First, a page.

Landlords in the UK are adding at least £161m ($245m) to the bills of their tenants by stopping them from switching to their preferred energy suppliers, a survey suggests. More than one in 10 (13%) of landlords fell into that category, with the figure rising to nearly a fifth (19%) for owners with three or more properties.
Around 36% of landlords believe that by naming a "preferred supplier", tenants will not be allowed to switch, even if they find a cheaper deal. Energy regulator Ofgem states that while a preferred supplier clause can be used in rental agreements, tenants are under no obligation to use the named provider, while landlords and letting agencies cannot reasonably prevent them from doing so.
According to a survey from price comparison site USwitch, 43% of landlords who have prevented their tenants from switching say it is because it is their choice, with 40% wrongly stating the reason is because they included a preferred supplier clause in their tenancy agreements. The preferred supplier has led to confusion among tenants, with 39% incorrectly believing it means they must remain with the specified supplier.
Around 5% of renters in the UK –around 230,000 – said they have not switched their energy supplier because their tenancy contract prevented them from doing so. USwitch is now calling for an "urgent" review of misleading terms in tenancy agreements in wake of the findings.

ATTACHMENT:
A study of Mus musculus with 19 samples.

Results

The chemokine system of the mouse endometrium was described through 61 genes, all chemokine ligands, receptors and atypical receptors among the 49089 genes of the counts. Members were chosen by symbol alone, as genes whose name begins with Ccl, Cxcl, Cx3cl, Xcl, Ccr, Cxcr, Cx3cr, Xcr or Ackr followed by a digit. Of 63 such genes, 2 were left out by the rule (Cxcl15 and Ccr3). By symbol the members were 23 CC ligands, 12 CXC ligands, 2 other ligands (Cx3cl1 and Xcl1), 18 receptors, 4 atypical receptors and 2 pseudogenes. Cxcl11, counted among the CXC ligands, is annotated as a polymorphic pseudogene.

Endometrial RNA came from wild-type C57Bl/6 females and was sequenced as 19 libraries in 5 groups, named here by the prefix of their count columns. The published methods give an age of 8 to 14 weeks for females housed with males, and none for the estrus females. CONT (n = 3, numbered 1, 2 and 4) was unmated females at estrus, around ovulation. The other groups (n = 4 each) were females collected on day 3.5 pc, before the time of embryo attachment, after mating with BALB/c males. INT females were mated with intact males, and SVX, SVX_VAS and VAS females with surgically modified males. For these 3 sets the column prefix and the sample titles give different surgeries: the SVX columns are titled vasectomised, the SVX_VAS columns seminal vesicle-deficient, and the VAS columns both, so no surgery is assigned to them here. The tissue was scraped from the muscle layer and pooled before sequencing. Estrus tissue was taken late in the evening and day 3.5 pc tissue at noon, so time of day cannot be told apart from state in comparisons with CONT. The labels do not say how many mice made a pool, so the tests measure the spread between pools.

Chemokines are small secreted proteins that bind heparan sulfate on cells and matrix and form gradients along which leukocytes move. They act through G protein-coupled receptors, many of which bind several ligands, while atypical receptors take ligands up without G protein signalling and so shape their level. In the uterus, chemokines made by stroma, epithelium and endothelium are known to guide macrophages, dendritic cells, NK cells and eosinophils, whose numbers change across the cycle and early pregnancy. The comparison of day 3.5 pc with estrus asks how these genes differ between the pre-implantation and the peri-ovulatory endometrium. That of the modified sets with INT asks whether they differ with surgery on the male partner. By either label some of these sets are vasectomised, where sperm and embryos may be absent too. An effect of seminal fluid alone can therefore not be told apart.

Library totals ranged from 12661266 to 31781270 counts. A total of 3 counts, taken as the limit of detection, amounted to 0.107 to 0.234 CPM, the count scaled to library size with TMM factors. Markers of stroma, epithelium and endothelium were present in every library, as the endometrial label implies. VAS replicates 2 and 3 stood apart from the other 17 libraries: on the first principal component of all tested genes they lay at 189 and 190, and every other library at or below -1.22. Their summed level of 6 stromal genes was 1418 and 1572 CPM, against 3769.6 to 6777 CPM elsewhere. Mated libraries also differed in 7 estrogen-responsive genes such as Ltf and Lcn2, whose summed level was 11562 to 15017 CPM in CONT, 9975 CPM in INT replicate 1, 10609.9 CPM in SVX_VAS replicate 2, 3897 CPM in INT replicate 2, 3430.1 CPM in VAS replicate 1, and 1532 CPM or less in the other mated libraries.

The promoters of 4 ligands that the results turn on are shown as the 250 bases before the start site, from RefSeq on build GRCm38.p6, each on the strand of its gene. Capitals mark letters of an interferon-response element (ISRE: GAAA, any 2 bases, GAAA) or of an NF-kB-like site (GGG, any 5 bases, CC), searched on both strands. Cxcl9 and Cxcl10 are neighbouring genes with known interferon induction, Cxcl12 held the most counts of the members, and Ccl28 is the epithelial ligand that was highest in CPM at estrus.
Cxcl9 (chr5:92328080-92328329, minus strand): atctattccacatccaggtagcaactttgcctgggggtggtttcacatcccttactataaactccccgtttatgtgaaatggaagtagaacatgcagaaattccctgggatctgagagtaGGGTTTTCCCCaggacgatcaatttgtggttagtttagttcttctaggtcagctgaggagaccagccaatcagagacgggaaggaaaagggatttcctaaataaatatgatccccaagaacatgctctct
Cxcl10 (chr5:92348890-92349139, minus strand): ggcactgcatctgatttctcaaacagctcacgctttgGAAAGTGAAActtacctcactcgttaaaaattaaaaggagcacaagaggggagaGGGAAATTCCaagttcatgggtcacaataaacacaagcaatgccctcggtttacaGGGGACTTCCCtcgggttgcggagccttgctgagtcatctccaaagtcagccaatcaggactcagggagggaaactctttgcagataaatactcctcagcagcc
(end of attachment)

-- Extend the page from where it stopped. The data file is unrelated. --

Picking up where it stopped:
Ann Robinson, director of consumer policy at USwitch said: "Landlords who unfairly refuse tenants their right to switch are standing in the way of more affordable energy for millions of homes.
"With a £339 difference between the average standard tariff and the cheapest deal, there has never been a more important time to help the growing population of renters tackle the sky-high cost of energy. Given that tenants are half as likely to switch as homeowners, any measures to break down the barriers and encourage them to take more control of their energy will reduce bills by millions."
A government spokesperson said: "There's no reason why landlords should deny tenants choosing a supplier for a service they themselves are not using. Consumers have a choice and families are wise to shop around for the best deals. When entering into a tenancy agreement, tenants should check who is responsible for paying electricity and gas bills and notify meter readings to the utility company."